You may perceive it as old-fashioned, but there is more to macrame than meets the eye. Not just a 1970s fad, knotting twine together has become a modern thing – especially if done right and with careful attention to aesthetics.
Chinese-American artist Windy Chien gained fame for twisting ropes into beautiful art. Her 2016 book The Year Of Knots, which documented how she learned to tie a new knot every day for 365 days, was a major hit among millennials.
Chien has been covered by Wired, The New York Times and even Martha Stewart Living, with companies like IBM and National Geographic Society commissioning her work for their offices.
Macrame has witnessed a revival within fashion too. With everyone keen on embracing cottagecore (a style trend based around the visual culture of life on a Western farm), the artform is trendy again.
It appeared numerous times as embellishments in the Spring/Summer 2019 New York Fashion Week. Textured netting was seen decorating handbags, covering dresses and cascading off belts.
Stella McCartney unveiled bags with macrame straps back in 2017. Last year, Gabriela Hearst presented luxurious ready-to-wear designs that made good use of twine detailing.
On the local front, we are seeing creative Malaysians using macrame to create stand-out jewellery pieces.
They are proving that such a simple artform can be chic and would not in any way look out of place in a glossy fashion magazine.
A stylish string theory
Charmaine Kamal's macrame creations bridge the gap between art and fashion. What started as a personal crafts project soon turned into a real business for her.
She started Nurtureknots on Instagram in 2017 to share her love for knotworks. Thereafter, she started receiving requests and to purchase her creations, as well as commissions.
“As a proud Malaysian, I am inspired by the cultures from the indigenous tribes of Malaysia, ” says the Kuala Lumpur-born artist. She however believes that knot tying is very much a “universal language”.
“I’ve been making handcrafted artisanal weaving, mostly macrame pieces, available for art collectors and enthusiasts.They also take on various forms, as daily essentials, fashion accessories and interior decoration pieces.”
The jewellery pieces Charmaine designs have an ethnic feel to them. But by playing with bright colours, she has also made them contemporary. Think modern contrast-blocking, which is a perennial trend on runways.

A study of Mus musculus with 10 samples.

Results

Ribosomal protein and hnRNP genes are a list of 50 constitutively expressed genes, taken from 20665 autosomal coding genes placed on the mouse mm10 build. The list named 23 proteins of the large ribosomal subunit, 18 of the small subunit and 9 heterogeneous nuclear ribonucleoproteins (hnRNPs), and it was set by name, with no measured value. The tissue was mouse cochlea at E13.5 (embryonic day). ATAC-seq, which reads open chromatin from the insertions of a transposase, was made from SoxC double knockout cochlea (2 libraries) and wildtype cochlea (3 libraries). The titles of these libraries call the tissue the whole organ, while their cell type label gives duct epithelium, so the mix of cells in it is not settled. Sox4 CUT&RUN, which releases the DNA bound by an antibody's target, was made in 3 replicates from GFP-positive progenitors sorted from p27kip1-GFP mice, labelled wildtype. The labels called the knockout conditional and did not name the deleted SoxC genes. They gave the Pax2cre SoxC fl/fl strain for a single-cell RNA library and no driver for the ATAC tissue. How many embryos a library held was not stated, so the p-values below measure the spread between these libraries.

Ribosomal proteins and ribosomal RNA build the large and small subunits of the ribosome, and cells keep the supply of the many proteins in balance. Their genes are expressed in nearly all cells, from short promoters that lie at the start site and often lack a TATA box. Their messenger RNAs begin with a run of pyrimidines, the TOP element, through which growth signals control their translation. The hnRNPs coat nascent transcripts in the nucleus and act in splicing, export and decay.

“It takes only a couple of hours to finish a small piece and up to a week or two for a larger one. What’s for sure is that they are all made with love, ” she says of her creative process.
“Using my instincts and perspective, I usually start with a sketch and work with that. But sometimes, ideas would just pop up in mind and I’d just go with the flow and experiment.”
'String art is like a painting'
Charmaine, 31, says that she is lucky to be born into a creative family. Her father is an architect and her mother, a clay artist. She holds a degree in business and has never formally studied design.
“I guess creativity runs in my blood. Both of my parents really inspired me. They have been so supportive of me chasing my passion and doing things that I love, ” she enthuses.
Although macrame can sometimes be seen as dated, Charmaine says there are many facets to it. It is her belief that the craft can exist in various styles – some more innovative than others.
“Just like surface embroidery, quilting and needlework are seeing a bump in popularity, macrame is being transformed from a 70s relic into a hot, trendy artform.”
Charmaine notes that the beauty of macrame works is that each one is unique. Made by hand, no two designs are ever exactly alike. She says her creations are one of a kind, a translation of her nuanced aesthetics.
“I believe string art is like a painting, it has its own essence that you have to give it a try and explore. I’m still learning and understanding the process, while experimenting with different styles and textures.”